Italy's outgoing government has reiterated that it had no knowledge of an alleged CIA operation to kidnap a Muslim cleric in Milan in 2003.
Kidnapping been committed in Europe, MEPs said
It comes after Italian newspapers said an Italian army officer had admitted taking part in the abduction of Osama Mustafa Hassan, also known as Abu Omar.
The cleric says he was taken to Egypt for interrogation - part of a US policy known as "extraordinary rendition".
Italy denies criticism that it co-operated with the programme.
The new reports come days after Italy was singled out in an inquiry by the European Parliament.
It concluded that the CIA had run more than 1,000 flights within the European Union since 2001, often transporting terror suspects for questioning overseas.
According to the new reports, a Special Operations Department (Ros) officer codenamed "Ludwig" - and identified by name by Italian newspaper Repubblica - was said to have stopped Abu Omar in Milan on 17 February 2003, moments before he was bundled into a car and driven away.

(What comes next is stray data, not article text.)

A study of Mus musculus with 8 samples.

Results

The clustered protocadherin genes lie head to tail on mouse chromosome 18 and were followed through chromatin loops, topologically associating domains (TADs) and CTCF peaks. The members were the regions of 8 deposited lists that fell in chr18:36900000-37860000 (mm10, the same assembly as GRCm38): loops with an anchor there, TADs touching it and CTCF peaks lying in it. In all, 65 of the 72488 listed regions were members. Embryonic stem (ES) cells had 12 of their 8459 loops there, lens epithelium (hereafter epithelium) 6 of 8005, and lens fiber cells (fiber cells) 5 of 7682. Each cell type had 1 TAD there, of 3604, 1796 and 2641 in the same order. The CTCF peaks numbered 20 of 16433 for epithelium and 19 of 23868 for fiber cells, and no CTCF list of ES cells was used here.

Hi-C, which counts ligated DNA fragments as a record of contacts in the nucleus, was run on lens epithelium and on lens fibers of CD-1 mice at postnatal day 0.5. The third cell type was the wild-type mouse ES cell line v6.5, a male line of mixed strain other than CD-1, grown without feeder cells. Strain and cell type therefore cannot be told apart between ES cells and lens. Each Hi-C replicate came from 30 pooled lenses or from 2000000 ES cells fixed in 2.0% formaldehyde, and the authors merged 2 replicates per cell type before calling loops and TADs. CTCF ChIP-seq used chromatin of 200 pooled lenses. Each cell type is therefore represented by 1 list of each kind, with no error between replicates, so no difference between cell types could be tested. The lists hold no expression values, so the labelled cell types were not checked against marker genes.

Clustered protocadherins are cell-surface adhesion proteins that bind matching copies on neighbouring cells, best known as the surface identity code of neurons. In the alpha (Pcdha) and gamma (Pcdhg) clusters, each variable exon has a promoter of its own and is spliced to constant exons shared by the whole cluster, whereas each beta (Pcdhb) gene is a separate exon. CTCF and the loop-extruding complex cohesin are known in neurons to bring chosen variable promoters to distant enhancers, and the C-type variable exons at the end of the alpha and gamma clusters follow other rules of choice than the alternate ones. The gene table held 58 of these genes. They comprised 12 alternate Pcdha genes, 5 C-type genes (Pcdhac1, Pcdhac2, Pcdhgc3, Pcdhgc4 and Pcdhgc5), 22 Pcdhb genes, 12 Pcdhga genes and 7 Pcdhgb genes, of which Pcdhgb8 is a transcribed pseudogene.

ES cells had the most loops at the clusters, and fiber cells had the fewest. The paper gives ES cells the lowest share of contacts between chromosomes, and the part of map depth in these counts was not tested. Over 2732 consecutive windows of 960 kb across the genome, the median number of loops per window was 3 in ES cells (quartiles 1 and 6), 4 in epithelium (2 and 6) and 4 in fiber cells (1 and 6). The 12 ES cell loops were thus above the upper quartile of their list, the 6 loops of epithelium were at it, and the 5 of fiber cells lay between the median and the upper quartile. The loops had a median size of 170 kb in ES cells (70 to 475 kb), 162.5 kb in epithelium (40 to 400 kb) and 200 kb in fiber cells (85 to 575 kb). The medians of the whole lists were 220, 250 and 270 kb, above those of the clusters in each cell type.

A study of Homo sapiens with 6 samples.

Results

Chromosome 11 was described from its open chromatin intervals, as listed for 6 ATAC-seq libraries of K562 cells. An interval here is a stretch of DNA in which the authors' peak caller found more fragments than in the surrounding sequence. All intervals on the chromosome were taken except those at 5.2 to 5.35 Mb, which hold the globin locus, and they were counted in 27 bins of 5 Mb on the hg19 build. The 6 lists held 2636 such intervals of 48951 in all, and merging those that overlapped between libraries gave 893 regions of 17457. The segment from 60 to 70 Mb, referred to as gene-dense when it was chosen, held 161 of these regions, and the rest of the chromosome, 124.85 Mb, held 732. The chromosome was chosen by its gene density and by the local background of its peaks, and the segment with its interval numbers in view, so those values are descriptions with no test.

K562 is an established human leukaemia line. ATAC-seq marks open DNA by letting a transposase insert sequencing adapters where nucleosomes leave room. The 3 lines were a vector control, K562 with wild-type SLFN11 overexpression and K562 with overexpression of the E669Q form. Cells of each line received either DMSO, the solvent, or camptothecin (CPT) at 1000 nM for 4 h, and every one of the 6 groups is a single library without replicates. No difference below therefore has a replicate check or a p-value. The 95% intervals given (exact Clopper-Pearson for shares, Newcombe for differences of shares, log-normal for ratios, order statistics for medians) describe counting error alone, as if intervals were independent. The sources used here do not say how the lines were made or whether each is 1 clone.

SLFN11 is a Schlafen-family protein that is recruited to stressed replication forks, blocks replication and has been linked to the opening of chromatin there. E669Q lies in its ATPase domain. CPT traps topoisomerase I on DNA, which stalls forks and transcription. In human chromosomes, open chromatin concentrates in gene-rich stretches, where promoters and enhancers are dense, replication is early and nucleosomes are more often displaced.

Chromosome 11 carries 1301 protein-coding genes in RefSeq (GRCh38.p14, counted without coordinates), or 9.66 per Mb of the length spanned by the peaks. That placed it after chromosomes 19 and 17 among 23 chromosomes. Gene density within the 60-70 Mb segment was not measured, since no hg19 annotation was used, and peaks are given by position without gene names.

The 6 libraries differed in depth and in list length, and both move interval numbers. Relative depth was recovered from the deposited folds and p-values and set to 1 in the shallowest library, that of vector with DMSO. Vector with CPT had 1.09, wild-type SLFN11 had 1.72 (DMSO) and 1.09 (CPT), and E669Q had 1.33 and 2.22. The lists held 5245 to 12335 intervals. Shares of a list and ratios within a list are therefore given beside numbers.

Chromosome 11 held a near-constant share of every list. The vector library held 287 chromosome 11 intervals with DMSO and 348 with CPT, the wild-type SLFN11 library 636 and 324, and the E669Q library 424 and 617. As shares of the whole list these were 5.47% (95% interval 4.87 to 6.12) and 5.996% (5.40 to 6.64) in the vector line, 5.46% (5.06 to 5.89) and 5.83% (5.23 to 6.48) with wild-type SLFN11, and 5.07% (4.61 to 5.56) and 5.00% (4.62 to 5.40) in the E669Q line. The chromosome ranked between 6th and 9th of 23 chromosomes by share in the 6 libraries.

The officer was alleged to have been closely co-operating with the CIA.
There is no independent confirmation of the reports, which have been angrily dismissed by Silvio Berlusconi's outgoing government.
"The prime minister's office has nothing to add about the complete lack of involvement in the kidnapping by both the government and the information and security services," the government said a statement.
It described the accounts as a "media noise" being pursued on the issue "with relentless stubbornness".
The author of the European Parliament report, Claudio Fava, said many EU states had ignored hundreds of CIA flights that had used their airports.
Mr Fava, an Italian socialist MEP, also criticised Sweden and Bosnia , which is not an EU member.
The MEPs began a probe after claims the US flew suspects to secret prisons in European countries.
The US admits some terror suspects were flown overseas for interrogation, but denies sending them for torture.